Collins Discovery Encyclopedia, 1st edition © HarperCollins Publishers 2005
The following article is from The Great Soviet Encyclopedia (1979). It might be outdated or ideologically biased.



an American literary and sociopolitical magazine, published from 1911 to 1962. The magazine was called Masses in 1911–17, Liberator in 1918–24, New Masses in 1926–47, Masses and Mainstream in 1948–57, and Mainstream in 1957–62.

In the first decade of the 20th century, Mainstream attracted progressive writers, including J. Reed, W. O’Neill, and C. Sandburg. It printed a shortened translation of V. I. Lenin’s “Letters to American Workers” and M. Gorky’s memoirs about V. I. Lenin. In the fall of 1919, Mainstream became the organ of the Communist Party of the USA. In the 1930’s, after overcoming sectarian mistakes, Mainstream played an outstanding role in uniting American writers on a broad antifascist and general democratic platform. It printed works by T. Dreiser, E. Hemingway, T. Wolfe, E. Caldwell, and M. Gold.

Mainstream defended socialist realism and democratic and revolutionary national traditions and called for the assimilation of the methods of Soviet literature. In the late 1940’s and early 1950’s the magazine condemned decadent bourgeois art and McCarthyism and spoke out in favor of world peace. During those years, Mainstream printed P. Bonosky, J. H. Lawson, W. Du Bois, J. North, and S. Finkelstein.


Gilenson, B. A. “la videl rozhdenie novogo mira: Publitsistika Dzhona Rida 1917–1920 gg.” Voprosy literatury, 1961, no. 11.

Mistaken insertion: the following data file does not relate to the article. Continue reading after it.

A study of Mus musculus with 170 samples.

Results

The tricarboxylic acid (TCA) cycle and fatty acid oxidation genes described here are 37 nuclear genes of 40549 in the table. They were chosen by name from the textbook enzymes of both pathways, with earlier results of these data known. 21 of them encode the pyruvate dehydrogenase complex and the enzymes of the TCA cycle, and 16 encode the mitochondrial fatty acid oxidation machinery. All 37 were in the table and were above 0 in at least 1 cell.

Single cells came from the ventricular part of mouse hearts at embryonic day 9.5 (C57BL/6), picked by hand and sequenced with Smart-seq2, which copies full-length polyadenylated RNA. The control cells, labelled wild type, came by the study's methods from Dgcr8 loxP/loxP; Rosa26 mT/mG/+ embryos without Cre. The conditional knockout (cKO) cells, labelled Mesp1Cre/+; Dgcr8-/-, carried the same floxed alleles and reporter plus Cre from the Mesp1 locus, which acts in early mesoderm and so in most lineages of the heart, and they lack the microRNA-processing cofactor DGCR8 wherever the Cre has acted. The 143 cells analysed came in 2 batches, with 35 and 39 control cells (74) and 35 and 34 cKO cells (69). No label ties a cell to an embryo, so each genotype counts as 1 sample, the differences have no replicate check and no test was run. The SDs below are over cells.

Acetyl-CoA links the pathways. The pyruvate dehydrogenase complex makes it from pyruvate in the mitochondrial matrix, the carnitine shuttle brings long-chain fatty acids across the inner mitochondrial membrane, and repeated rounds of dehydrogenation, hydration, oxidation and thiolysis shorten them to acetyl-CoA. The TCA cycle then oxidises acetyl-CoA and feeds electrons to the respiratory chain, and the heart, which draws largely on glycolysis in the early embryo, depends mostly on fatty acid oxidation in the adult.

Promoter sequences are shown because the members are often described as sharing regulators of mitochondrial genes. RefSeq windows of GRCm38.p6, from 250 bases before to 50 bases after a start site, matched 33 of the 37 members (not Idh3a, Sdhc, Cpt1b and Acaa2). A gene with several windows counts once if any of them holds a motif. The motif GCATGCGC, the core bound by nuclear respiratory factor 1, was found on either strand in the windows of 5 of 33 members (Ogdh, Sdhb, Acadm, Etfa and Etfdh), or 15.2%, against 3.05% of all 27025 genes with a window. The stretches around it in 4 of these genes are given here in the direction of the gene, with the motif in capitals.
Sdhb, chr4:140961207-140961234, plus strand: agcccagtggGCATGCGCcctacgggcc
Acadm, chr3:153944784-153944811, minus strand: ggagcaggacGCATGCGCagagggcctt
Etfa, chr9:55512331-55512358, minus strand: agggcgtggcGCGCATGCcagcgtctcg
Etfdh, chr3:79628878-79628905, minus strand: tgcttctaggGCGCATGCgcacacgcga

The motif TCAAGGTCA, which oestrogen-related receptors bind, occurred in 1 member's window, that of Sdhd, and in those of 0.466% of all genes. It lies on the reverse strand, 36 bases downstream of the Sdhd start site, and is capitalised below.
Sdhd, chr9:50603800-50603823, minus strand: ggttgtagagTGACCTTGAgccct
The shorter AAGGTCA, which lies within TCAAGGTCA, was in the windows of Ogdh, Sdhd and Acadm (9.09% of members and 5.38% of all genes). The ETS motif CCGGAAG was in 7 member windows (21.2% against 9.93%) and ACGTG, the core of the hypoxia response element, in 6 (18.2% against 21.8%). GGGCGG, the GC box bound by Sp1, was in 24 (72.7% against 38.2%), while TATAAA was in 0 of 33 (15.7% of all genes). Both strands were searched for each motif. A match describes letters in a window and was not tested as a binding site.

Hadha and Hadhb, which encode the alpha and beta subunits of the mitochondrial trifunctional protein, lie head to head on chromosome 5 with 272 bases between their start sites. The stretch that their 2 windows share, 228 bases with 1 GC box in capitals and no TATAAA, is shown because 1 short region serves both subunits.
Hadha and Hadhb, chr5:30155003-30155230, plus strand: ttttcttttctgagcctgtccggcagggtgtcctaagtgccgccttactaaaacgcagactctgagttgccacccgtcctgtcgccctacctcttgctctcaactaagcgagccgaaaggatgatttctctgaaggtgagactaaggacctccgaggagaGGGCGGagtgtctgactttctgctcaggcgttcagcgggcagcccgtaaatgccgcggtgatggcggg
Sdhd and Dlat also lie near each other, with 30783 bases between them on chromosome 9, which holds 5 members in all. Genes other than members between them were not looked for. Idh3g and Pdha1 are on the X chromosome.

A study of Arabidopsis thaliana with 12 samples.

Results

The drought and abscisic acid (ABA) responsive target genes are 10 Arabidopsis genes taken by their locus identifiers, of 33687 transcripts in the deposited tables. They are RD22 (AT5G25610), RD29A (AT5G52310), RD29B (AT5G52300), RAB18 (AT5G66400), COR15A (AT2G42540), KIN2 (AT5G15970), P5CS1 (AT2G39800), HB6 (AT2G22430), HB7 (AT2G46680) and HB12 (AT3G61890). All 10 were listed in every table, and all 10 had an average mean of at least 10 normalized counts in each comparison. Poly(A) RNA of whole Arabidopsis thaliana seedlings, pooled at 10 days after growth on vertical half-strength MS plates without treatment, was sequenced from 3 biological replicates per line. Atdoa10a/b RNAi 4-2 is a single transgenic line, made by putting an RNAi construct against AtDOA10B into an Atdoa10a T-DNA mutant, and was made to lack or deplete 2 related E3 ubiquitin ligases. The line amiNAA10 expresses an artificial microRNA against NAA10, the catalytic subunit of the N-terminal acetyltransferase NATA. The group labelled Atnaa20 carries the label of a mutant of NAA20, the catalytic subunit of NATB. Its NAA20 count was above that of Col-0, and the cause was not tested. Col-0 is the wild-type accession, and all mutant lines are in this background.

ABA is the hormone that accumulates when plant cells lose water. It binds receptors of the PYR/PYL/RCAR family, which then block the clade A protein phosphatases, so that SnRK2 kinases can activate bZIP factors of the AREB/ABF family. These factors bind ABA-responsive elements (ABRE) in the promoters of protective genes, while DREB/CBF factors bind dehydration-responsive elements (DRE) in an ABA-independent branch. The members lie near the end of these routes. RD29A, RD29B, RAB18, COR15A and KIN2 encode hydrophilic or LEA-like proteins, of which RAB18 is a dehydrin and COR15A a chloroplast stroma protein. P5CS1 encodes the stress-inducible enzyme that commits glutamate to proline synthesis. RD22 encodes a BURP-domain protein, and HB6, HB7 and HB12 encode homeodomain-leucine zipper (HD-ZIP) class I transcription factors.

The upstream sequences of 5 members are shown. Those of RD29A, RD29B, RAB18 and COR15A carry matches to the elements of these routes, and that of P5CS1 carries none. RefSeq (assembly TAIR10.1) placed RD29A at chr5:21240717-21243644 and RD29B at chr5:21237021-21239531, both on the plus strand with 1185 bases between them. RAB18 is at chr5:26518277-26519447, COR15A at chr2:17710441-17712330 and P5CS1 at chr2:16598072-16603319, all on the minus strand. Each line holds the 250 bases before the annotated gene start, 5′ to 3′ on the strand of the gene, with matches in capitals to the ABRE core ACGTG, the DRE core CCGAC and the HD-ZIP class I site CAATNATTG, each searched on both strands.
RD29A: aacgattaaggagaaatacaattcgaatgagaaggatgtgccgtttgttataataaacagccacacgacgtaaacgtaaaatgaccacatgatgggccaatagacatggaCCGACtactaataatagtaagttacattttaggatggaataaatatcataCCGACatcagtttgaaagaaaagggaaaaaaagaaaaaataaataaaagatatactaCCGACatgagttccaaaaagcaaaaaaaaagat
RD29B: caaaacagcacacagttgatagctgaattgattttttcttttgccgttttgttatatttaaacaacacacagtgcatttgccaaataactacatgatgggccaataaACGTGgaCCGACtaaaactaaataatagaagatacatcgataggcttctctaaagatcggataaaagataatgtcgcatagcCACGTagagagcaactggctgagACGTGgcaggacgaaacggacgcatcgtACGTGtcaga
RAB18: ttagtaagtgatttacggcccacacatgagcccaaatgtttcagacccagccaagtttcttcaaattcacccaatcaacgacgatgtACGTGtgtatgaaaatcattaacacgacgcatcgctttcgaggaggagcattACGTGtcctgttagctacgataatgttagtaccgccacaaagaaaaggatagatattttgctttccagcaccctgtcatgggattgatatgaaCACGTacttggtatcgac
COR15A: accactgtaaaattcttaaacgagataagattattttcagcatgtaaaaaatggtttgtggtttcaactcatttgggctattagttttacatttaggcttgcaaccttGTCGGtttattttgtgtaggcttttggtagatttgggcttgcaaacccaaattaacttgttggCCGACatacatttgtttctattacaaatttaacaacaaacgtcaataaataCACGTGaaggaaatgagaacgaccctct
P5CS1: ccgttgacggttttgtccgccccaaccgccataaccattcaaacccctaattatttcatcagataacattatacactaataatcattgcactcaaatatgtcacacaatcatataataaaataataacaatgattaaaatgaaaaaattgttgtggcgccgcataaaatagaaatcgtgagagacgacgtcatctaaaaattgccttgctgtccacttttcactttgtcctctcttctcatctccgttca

Echoes of Revolt: “The Masses” 1911–1917. Edited by W. O’Neill. Chicago, 1966.
“New Masses”: An Anthology of the Rebel Thirties. Edited by J. North. New York, 1969.


The Great Soviet Encyclopedia, 3rd Edition (1970-1979). © 2010 The Gale Group, Inc. All rights reserved.
References in periodicals archive ?
The final grades of the mainstreamed students and the regular students were compared, using the Mann Whitney U Test.
At the elementary school level, significant differences between the standardized reading test scores of mainstreamed and regular students were found.
Mainstreamed students received these grades: A, 14.3%; B, 14.3%; C, 57%; and D, 14.3%.
In the junior high schools, no significant difference between the grades earned by the mainstreamed and regular students was found.
Although mainstreamed students earned lower grades in the elementary school, only one student with disabilities across all three schools actually received a failing grade in the mainstream class.
The strong positive relationships between classroom academic behavior and final grades are consistent with earlier work, in which regular teachers described the progress of their mainstreamed students in terms of academic behaviors (Truesdell, 1985).
The comparison of final grades of regular and mainstreamed students indicates that, in the junior high schools, the students with mild disabilities were as successful academically as the regular students with whom they were placed and earned grades similar to their regular class peers.
The mainstreamed students were found to be significantly lower in reading ability than the regular students in the mainstream reading classes; therefore, it is not surprising that their final grades would similarly differ.
What is difficult to explain is why students with mild disabilities were mainstreamed into reading classes in which their classmates were reading at a level significantly higher than they were.
Although final grades of the students in the junior high schools did not differ significantly, many students with disabilities were mainstreamed into the lower track classes where lower expectations for student performance are found than in regular track classes (McDermott & Aron, 1978).
In a study of high school mainstreamed students, Zigmond and Kerr (1985) found that organizational skills and attendance explained only 39% of the variance between successful and unsuccessful mainstreamed students.